Royal Burgers' Zoo has been a proud holder of Green Key Gold since the recreation & leisure industry and business market category was added to the sustainable business eco-label in 2004. In the Netherlands, the eco-label comprises many compulsory standards and several optional standards. The extent to which an organisation meets the optional standards determines whether it is awarded Bronze, Silver or Gold.
The international hallmark assesses an organisation's sustainable entrepreneurship in the following areas: management (compliance with regulations), communication, social involvement, water, cleaning, waste, energy, building and greenery, guest and employee mobility, food and drink, purchasing and textiles. A concrete, practical example is discussed each month in a series of articles on sustainable entrepreneurship at Burgers' Zoo.
Burgers' Zoo welcomes over 1.1 million visitors each year. Many people take a break during their visit to enjoy some food and drink at one of our zoo's several restaurants. We also have a modern conference centre in the middle of our zoo for business groups—the Safari Meeting Centre. And the tens of thousands of animals divided into hundreds of different species also require feeding every day. These hungry and thirsty bodies consume very large quantities of food and drink each year.
Burgers' Zoo has invested a lot of effort in reducing food waste. The quantities consumed each day are accurately charted, and the purchasing policy is adjusted accordingly. With accurate forecasts based on a large amount of factual data, we ensure that the surplus is as small as possible at the end of the day.
We also pay great attention to certain residual products' efficient use and reuse. For example, freshly cut vegetable scraps can be a tasty ingredient for a freshly made soup, and certain fresh food scraps can feed various species. However, this is very complex as each species is fed a carefully devised menu. The waste that cannot be reused is separated, e.g. glass, paper, plastic, biological material.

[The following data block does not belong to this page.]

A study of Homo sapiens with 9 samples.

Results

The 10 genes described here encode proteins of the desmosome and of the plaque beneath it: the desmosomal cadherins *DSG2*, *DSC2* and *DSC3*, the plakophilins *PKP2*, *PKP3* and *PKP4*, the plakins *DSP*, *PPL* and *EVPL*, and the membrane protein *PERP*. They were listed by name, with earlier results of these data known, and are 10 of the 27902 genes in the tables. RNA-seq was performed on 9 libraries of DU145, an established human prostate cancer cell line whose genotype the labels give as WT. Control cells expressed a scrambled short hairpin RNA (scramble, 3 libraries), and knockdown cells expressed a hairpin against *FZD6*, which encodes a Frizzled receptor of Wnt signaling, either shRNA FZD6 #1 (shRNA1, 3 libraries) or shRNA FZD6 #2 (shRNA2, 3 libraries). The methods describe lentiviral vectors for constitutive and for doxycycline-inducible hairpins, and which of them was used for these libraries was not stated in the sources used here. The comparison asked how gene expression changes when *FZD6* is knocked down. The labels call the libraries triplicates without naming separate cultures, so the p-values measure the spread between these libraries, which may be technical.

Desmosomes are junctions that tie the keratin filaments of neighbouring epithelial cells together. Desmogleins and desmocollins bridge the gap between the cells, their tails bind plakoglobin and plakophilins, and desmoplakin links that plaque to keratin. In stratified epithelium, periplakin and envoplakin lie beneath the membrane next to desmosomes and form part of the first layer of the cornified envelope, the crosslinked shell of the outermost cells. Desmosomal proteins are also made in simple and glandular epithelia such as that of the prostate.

Burgers' Zoo’s hospitality sector uses fair trade products, including coffee from Peeze, which provides poor coffee farmers in various parts of the world with a better income in a sustainable and socially responsible manner.
We also pay a great deal of attention to working with regional products—e.g. coffee from Peeze in Arnhem and snacks from Harskamp—and sourcing raw materials from a single supplier as much as possible to reduce transport kilometres and thus CO2 emissions.
The fish species used in the menus are purchased following the VISwijzer, published by the Dutch organisation Good Fish. The VISwijzer is an extensive guide to purchasing fish species that are not threatened by mass fishing. We also produce as many dishes as possible ourselves without adding preservatives.
These are just a few practical examples of a well-thought-out working method and purchasing policy in Burgers' Zoo's hospitality sector. By setting a good example, we can combat food waste in a socially responsible way, make a case for fairer wages in developing countries and choose products that have been cultivated sustainably. We strive to offer our visitors fair, traditionally prepared products, most of which are freshly made.